Victor Odede Bwire looked subdued. The father of two was part of a terror group that was planning to bring down the Kenyatta International Convention Centre (KICC).
However, yesterday, the verdict by Milimani Magistrate Bernard Ochoi that he should be locked behind bars for 20 years seemed to beat his soul to a pulp. The long hand of the law had finally caught up with him and he regretted it, his lawyer said.
Clad in a sky blue shirt, the man blankly faced the courtroom as his lawyer Chacha Mwita, and senior prosecution counsel Harrison Kiarie, battled for leniency.
Chacha said the boda boda rider was remorseful, while Kiarie urged the court to consider that the iconic building can hold up to 10,000 persons at a go and key government buildings including the Judiciary, Parliament, Vigilance House, and the Office of the President among others surround it.
Then came the hour of reckoning. Each word Ochoi said turned Bwire's blank face to a crestfallen one. When the magistrate was done, his face was filled with disappointment and regret.
The prosecution told a Milimani court that Bwire was arrested after intelligence uncovered the plot to attack KICC. It said a forensic analysis of phones seized from the suspect showed he had sent information on KICC's security arrangement to contacts in Somalia.
Bwire was accused that on January 23, 2019 jointly with others and together with Mohamed Yare Abdalla, who was outside Kenya, conspired to commit a terrorist act at KICC. He faced a separate charge of collecting information to aid a terror act.
The charge sheet read that on the said date at Nairobi's Umoja area, Bwire collected and transmitted information on the security arrangement of KICC using his phone to the holder of a Facebook account Mohamed Yare Abdalla, information intended for use in the commission of a terror act.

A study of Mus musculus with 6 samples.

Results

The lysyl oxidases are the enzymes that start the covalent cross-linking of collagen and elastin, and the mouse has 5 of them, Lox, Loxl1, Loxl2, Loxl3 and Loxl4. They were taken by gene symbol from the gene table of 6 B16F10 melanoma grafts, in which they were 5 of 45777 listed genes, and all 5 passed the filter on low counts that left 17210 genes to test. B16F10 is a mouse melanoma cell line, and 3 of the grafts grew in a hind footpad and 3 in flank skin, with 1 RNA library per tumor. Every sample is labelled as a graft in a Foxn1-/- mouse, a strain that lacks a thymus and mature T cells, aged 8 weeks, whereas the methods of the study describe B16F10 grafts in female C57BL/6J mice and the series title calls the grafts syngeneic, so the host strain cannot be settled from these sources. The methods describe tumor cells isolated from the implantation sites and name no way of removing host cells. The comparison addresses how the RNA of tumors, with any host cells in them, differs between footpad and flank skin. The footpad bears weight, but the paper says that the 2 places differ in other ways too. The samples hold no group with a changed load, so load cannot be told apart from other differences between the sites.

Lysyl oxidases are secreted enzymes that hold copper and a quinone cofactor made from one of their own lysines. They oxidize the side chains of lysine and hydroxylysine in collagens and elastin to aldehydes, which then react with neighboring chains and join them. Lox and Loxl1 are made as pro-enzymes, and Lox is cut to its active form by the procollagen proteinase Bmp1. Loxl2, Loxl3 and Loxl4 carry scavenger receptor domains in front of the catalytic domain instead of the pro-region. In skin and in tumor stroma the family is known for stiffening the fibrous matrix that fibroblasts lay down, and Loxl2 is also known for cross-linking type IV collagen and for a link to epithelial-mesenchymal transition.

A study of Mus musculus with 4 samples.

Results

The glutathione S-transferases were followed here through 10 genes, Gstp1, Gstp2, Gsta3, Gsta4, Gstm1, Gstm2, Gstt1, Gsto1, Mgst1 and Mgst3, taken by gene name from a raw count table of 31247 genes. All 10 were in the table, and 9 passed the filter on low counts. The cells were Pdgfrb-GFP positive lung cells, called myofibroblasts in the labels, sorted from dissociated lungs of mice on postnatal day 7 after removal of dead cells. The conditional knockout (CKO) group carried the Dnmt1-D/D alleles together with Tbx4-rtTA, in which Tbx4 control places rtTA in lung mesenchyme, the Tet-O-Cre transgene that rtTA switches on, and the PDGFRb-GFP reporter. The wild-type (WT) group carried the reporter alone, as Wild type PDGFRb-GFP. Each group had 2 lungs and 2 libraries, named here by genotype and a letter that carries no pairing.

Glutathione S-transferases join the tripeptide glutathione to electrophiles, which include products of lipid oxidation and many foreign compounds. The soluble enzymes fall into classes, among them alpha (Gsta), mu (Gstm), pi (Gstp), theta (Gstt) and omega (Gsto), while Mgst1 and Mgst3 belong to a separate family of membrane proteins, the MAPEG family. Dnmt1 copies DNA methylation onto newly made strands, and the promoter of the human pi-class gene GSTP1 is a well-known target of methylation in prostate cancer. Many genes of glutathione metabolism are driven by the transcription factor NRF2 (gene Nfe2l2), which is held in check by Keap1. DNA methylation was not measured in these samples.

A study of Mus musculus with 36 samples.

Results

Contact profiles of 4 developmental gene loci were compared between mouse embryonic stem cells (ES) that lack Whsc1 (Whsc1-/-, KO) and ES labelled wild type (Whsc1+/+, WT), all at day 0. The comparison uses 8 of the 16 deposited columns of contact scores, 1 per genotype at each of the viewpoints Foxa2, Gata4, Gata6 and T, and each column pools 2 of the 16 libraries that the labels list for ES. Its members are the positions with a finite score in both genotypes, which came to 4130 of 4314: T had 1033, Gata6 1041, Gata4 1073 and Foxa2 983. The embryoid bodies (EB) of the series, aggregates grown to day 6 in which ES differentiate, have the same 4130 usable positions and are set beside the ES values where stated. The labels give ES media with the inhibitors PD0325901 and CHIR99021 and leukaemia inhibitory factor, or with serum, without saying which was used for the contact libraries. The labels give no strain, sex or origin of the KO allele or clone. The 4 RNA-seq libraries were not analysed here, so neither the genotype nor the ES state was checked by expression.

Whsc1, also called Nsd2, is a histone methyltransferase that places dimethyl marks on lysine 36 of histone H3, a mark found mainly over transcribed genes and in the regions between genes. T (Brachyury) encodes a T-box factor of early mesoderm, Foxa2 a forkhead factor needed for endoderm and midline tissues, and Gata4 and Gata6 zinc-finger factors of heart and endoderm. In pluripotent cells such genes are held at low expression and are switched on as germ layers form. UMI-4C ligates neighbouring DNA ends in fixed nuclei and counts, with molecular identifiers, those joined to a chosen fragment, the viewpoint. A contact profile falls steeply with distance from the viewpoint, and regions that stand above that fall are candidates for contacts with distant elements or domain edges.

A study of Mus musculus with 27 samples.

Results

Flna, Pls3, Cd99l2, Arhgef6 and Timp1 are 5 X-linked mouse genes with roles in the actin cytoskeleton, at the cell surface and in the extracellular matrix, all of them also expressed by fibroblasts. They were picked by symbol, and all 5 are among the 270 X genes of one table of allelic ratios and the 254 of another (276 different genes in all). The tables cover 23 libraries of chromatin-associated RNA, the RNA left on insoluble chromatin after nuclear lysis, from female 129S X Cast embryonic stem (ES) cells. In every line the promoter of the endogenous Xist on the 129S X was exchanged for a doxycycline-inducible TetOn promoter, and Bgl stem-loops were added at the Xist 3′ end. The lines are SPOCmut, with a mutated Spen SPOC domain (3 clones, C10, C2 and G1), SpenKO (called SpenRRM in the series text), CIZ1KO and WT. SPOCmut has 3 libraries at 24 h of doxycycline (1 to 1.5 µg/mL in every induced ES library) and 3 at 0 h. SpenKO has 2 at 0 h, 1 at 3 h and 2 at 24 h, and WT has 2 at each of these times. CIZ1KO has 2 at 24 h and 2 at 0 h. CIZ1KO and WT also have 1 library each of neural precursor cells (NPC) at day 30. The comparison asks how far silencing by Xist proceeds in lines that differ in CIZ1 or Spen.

The court heard that KICC security officials knew Bwire as an employee of AL-Tc Africa which used to deal with exhibition stands. At the same time, it emerged that he briefly worked for another company called Protect Exhibitors in 2017 which was doing the same work of erecting exhibition stalls.
They said they knew Bwire as a humble gentleman and never received any complaints against him. But all this time, he was a spy.
Detectives unravelled the entire plot from Facebook accounts "Kim Sam", "Abdul Hakim", "Kezia Soze", "Mohamed Yare Abdala" and "Soze Kezia".
According to police sergeant Joseph Mwiti, Bwire was instructed by Yare via Facebook to ride a motorcycle from Nairobi to Moyale with the aim of collecting information on the number of roadblocks and the kind of searches that police were conducting. He was also to ride a bus and do the same exercise.
The intel was to be used by terrorists who would be tasked to carry out different attacks in the country, mostly targeting Nairobi's Central Business District.
Two people were arrested by police in Merti, Isiolo County, when a vehicle they were in was later found to have been strapped with an explosive. This vehicle was to be driven into KICC for the attack.
After the attack was foiled, investigators believe that the intel collected was later used by the five attackers who hit the DusitD2 complex on January 15, 2019.
In his judgment, Ochoi said that the prosecution had proved its case beyond a reasonable doubt. He said there was no doubt that the information collected by Bwire and turned over would have been crucial in the execution of the attack.
He said the communication between Bwire and his handlers tabled in court showed that Bwire was warned that the assignment that lay ahead would be difficult but he went ahead and offered the information.
Federal Bureau of Investigations (FBI) specialists, and mobile service providers Safaricom and Airtel helped the prosecution put a case against Bwire. The communication and Sh10,000 sent to him were linked to the plot.